Trotsky’s Great-Granddaughter Says No to Pot


Author: Jon Ferry

Dr. Volkow Says Cannabis Should Not Be Legalized

Marijuana is an addictive drug that can blunt people’s memory, damage their lungs and even cause them to become psychotic. And it should not be legalized.

It’s an uncompromising American assessment. And, coming from anyone but Dr.Nora Volkow, you might suspect he or she had been smoking something, especially here in the pot capital of socialist Canada.

But there are good reasons why British Columbians, especially teens vulnerable to the marijuana industry’s siren call, should listen.

For one thing, Volkow hails from a half-Jewish, half-Spanish family which has endured great suffering. She is the great-granddaughter of Russian revolutionary Leon Trotsky. And she grew up in the Mexican house where he was assassinated with an ice axe.

But, despite the turmoil this caused her and her three sisters, Volkow managed to become one of North America’s top drug-abuse researchers.

Last year, she was appointed director of the U.S. National Institute on Drug Abuse, which funds most of the world’s research into the health aspects of drug use and addiction.

Volkow herself has done imaging studies on the brains of long-term marijuana users. And she has witnessed first-hand the frightening paranoia the drug can cause.

“I’ve seen them become psychotic,” she told me yesterday during a working visit to Vancouver.

Volkow is equally insistent marijuana harms a person’s ability to drive an auto, despite what diehard Vancouver pot activists claim. “Of course, you can be marijuana-impaired,” she stressed.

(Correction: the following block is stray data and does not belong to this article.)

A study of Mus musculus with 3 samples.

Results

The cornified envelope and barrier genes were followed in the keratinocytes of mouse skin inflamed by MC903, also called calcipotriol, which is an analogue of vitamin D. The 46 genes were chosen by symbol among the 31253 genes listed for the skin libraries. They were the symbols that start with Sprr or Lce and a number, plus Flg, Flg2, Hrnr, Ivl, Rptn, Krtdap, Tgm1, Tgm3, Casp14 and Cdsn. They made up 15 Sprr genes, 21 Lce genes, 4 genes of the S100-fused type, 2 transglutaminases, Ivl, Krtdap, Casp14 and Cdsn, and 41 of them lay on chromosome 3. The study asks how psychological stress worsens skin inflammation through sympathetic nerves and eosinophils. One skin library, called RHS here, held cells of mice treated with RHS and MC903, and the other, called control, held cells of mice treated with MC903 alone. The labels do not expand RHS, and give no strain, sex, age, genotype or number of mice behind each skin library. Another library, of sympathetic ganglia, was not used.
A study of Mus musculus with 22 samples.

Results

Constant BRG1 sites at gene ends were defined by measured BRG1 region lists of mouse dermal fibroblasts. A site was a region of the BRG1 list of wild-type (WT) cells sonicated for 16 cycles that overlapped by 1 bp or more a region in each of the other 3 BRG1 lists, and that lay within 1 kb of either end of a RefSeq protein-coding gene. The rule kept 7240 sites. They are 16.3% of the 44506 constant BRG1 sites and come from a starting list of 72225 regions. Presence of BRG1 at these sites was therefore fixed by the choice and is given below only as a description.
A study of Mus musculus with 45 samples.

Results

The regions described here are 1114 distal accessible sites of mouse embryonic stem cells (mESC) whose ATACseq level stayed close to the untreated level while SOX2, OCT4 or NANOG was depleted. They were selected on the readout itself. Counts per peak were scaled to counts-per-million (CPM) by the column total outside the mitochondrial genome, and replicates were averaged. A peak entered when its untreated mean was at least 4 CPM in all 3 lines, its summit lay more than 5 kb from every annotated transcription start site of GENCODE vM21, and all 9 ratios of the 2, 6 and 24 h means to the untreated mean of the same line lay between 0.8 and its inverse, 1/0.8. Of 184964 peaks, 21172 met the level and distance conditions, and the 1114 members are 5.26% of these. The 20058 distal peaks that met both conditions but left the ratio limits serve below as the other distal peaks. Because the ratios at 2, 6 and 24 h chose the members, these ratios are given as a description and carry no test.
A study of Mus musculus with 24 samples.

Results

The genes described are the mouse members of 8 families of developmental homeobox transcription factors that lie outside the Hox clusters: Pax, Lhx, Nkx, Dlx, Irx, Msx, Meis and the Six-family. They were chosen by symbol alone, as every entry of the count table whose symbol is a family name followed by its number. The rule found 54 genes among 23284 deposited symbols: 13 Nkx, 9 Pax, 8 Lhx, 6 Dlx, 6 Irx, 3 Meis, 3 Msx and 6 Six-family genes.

It also impairs one’s thinking. “Over all, studies have shown that you cannot learn as well, that you can’t memorize as well,” she said.

Now, marijuana often gets billed as a happy drug. But, Volkow points to a Harvard study indicating heavy pot smokers lead unhappy lives.

“Ultimately, you are really disrupting the chances that you will succeed in your life,” she said. Also, smoking pot increases the likelihood of a wide range of lung diseases. And so on.

No, don’t count Volkow among those eggheads who think marijuana should be legalized: “It will end up increasing the number of people that get exposed to marijuana on a regular basis. And that will increase the probability of these individuals becoming addicted.”

As for heroin addicts, she says, it’s much better to give them treatment rather than simply a “safe” place in which to shoot up.

Volkow insists she’s not a political person. After all, her own family’s experience with politics has been far from pleasant. Her father, an engineer, wound up with Trotsky in Mexico in 1938 because “no one else in her family was alive.”

Myself, I don’t think people can help being at least a little political.

Volkow’s visit, for example, was co-sponsored by the U.S. Consulate General in Vancouver, which can hardly be considered politically neutral — at least on drug issues.

Nevertheless, I don’t believe we in B.C. should let the prevailing whiffs of anti-Americanism cloud our judgement in the great pot debate.

Whatever our political stripe, we should heed strongly the warnings of the great-granddaughter of one of socialism’s great grandfathers.